Article Type Making Art Together Making Art Together Categories Sculpture Theory and Resources

Build, Shape, Create

Diana MacKenzie

Over the years we’ve worked with found materials in the Studio many times and witnessed sculptures go from piles of stuff to thoughtful, creative arrangements. Below are five different building techniques to consider the next time you and your child are playing with blocks or you’re students are making sculptures using found materials. 

These techniques are adapted from Block Building For Children by Lester Walker and paired with examples created by Studio staff. In chapter two of his book, Walker sites an essay, “The Art of Block Building” by the founder and director of the City and Country School in New York City, Harriet M. Johnson. Ms. Johnson’s research found similarities in the way young children worked with blocks during independent play.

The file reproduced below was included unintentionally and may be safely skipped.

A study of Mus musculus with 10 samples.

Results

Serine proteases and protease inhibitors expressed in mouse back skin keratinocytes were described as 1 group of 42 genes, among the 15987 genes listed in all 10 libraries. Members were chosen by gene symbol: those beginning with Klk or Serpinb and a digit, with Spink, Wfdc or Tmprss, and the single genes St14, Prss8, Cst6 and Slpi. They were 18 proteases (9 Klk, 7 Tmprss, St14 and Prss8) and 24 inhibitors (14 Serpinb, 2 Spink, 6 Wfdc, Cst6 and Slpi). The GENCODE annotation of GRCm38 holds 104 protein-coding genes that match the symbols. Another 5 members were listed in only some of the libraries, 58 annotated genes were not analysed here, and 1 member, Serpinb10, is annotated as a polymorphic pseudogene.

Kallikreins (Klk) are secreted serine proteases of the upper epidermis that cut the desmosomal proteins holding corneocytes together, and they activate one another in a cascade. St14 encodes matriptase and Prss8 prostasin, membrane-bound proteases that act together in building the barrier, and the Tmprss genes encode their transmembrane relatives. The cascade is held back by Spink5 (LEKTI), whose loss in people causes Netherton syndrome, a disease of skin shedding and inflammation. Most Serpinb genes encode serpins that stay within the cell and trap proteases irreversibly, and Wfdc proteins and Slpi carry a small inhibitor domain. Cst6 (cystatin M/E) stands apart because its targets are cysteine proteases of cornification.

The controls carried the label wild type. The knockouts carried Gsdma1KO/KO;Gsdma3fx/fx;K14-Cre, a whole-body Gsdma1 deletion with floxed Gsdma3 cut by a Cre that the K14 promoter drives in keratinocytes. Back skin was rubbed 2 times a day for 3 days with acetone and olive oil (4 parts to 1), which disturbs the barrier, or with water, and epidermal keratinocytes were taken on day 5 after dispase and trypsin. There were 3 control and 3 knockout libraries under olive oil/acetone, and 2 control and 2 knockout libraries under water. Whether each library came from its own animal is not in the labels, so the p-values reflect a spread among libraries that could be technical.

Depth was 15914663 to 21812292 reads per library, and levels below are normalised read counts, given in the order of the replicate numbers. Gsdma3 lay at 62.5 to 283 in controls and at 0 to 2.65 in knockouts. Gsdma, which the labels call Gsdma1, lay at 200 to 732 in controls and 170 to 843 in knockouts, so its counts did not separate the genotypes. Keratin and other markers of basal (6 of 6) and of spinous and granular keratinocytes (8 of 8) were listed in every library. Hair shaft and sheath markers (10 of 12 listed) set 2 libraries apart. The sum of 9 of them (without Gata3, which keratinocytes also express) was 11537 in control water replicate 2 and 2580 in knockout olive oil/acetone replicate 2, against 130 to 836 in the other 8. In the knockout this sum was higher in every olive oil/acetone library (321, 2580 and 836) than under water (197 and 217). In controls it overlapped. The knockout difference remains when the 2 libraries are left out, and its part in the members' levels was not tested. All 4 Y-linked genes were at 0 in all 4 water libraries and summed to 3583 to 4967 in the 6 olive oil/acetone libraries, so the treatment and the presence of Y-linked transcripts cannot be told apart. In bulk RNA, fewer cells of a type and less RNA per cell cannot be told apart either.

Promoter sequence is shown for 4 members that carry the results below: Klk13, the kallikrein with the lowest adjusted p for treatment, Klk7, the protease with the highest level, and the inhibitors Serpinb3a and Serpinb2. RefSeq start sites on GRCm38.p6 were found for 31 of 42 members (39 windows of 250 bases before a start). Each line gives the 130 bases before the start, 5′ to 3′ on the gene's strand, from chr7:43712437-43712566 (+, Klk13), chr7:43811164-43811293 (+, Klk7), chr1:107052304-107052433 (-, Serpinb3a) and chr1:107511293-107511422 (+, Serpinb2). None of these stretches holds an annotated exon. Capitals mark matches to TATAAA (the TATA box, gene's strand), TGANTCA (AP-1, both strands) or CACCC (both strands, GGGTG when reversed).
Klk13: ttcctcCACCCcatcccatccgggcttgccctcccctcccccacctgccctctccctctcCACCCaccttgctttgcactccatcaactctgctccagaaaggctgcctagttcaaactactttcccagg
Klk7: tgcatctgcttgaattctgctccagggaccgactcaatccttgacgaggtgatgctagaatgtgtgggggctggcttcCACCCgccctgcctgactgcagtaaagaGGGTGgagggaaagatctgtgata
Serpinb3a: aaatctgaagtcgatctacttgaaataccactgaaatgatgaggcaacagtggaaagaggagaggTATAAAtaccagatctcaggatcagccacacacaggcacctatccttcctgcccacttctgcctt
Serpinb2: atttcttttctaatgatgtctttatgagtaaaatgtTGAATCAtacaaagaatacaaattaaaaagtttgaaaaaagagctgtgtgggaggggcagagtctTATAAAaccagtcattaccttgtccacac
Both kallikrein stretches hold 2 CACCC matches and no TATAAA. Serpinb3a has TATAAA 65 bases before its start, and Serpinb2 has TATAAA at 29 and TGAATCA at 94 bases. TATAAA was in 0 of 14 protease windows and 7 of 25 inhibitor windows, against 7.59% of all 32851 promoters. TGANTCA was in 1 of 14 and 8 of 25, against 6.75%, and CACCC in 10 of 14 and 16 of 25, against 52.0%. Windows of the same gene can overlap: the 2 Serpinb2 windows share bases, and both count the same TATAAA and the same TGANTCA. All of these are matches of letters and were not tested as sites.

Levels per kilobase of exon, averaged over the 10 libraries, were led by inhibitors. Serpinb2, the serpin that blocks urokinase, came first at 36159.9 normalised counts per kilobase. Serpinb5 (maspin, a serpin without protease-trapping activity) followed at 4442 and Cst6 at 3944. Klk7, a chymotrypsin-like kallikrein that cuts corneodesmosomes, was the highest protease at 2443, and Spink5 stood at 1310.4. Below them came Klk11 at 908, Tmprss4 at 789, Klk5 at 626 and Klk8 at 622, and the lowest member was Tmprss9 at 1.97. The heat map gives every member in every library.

Rows - a repetition of materials in a line

Towers - a repetition of one thing on top of another, building up from the bottom

Patterns - designs arranged by repeating a material or style.

Columns and Beams - beams can support heavy loads like a wall, roof or road. Columns are the vertical posts that usually support beams.

Spaces - materials arranged to create an enclosure

What type of structures do your children/students tend to build? Have you noticed a change in your child’s independent block play as they grow older?


Diana, smiling wearing an orange scarf and brown shirt.

Diana MacKenzie

Public Art Program Educator from 2007-2016, Diana has a BFA in Printmaking from Syracuse University and creates mixed-media works inspired by her travels, combining her interests in printmaking and sculpture. She received her M.A.T. from Mount Holyoke College in June 2017, and continues teaching visual arts to children and adults.